Samsung has just pulled the wraps off its next-gen high-end chipset. The Exynos 8 Octa 8890 (quite a mouthful, we reckon it’ll go by Exynos 8890 once it hits the streets) was unveiled in Seoul, and has a few firsts to show off.
Manufactured on a 14nm FinFET process like the Exynos 7420 before it, the new chip marks Samsung’s entry into custom-built cores. The big.LITTLE arrangement in the 8890 features a quad-core array of those in-house Mongoose 64-bit ARMv8 cores as the performance cluster, while more mundane tasks will be handled by another four Cortex-A53 cores.
Promising a 30% performance increase, the new chip benefits from what’s dubbed Samsung Coherent Interconnect (SCI) technology, for better interaction between the two separate clusters. That won’t adversely affect battery life, on the contrary – the chip is said to be 10% more power efficient. And before you jump to conclusions, that doesn’t straight up mean 10% increase in battery life of a phone as whole.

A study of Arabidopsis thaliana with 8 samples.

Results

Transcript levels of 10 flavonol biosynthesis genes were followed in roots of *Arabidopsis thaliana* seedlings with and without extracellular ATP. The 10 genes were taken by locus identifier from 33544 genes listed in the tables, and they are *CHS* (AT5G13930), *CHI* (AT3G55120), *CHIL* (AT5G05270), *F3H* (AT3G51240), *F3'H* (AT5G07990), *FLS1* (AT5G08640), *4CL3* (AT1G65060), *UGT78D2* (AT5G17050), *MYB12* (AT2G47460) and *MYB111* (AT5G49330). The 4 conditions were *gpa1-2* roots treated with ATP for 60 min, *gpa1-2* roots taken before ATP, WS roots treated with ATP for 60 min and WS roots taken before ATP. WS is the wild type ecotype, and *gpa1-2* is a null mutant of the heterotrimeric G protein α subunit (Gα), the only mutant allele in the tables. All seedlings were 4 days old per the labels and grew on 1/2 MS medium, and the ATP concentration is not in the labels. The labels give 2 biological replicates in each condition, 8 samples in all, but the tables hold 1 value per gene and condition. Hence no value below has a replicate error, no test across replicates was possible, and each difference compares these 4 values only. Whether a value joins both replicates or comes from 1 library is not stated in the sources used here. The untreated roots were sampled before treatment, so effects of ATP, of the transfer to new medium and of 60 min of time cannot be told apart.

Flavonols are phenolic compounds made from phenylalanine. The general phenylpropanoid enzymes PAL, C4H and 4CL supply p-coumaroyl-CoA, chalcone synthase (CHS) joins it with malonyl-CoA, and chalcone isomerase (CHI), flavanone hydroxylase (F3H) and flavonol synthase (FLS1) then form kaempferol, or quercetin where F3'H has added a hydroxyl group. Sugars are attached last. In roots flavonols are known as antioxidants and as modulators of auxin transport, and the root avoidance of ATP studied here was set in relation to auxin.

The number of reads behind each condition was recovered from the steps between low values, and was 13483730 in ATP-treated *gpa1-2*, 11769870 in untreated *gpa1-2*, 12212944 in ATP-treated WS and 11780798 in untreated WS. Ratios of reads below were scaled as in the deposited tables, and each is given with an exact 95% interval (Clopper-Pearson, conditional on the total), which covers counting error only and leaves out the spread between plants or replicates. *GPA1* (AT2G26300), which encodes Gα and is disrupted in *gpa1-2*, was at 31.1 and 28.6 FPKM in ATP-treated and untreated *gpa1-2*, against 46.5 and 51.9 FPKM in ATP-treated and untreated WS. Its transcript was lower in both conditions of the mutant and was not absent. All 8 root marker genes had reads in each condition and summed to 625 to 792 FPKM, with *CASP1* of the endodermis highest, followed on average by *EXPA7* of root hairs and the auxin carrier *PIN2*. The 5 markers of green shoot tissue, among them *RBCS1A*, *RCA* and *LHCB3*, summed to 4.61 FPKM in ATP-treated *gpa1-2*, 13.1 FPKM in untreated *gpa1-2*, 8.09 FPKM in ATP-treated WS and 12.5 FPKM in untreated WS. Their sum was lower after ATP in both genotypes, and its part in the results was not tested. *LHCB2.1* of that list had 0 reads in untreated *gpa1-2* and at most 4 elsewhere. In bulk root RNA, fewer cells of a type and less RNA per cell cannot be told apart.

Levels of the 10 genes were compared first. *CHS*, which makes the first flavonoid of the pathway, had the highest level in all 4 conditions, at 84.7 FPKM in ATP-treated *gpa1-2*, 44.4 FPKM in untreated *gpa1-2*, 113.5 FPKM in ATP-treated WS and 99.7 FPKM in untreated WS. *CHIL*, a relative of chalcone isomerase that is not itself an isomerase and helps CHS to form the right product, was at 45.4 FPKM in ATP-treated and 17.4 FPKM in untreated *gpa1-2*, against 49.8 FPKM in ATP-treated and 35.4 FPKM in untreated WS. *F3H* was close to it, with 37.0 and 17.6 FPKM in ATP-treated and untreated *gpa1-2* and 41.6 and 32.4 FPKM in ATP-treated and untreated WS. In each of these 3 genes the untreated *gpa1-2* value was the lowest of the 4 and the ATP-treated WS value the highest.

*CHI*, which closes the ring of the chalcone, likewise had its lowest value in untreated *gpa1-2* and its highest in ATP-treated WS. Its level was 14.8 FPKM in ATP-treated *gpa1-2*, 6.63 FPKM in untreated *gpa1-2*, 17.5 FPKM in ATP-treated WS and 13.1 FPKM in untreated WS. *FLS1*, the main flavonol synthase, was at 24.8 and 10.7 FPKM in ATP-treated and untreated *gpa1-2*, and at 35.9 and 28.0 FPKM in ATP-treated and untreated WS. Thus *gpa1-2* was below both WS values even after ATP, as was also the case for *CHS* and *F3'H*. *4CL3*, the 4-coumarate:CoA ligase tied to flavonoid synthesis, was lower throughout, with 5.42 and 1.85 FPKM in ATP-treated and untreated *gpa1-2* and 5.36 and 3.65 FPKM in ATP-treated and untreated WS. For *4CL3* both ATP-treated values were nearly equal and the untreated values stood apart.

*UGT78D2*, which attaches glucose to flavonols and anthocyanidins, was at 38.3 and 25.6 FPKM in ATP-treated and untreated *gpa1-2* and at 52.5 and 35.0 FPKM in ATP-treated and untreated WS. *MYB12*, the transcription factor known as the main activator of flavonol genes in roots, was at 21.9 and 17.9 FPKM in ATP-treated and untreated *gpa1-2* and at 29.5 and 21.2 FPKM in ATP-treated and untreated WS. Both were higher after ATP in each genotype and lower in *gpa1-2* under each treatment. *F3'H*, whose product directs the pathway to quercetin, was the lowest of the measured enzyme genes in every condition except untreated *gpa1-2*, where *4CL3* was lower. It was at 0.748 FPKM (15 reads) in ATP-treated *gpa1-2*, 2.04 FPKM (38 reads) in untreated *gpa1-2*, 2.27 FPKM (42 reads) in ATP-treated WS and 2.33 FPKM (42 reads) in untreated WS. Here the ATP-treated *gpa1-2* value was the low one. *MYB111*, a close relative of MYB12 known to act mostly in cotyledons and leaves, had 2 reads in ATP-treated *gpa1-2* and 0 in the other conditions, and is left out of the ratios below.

Another first for Samsung is the integrated modem, which supports Cat. 12/13 LTE with carrier aggregation for download speeds up to 600Mbps.
Much like Huawei’s recently announced Kirin 950 chipset, the Exynos 8890 features a Mali-T880 GPU, but as with all of ARM’s graphics processors, the secret is in the number of cores (the x in MPx, which follows the GPU model number). Samsung uses the Mali-T880MP12 with a total of a whopping twelve cores, as opposed to Huawei’s MP4.
The new chip supports display resolutions up to 4K UHD (4,096 x 2,160px) or WQUXGA (3,840×2,400px), and that may be a hint of what to expect in future flagships. Or not, as the existing Exynos 7420 has support for such displays, but we haven’t seen a device with one just yet.
So far these are the sketchy outlines, provided by Samsung – details such as clock frequencies remain to be revealed. The big question is when we’ll see the chip in an actual device and a safe bet would be the Galaxy S7 some time in the beginning of next year.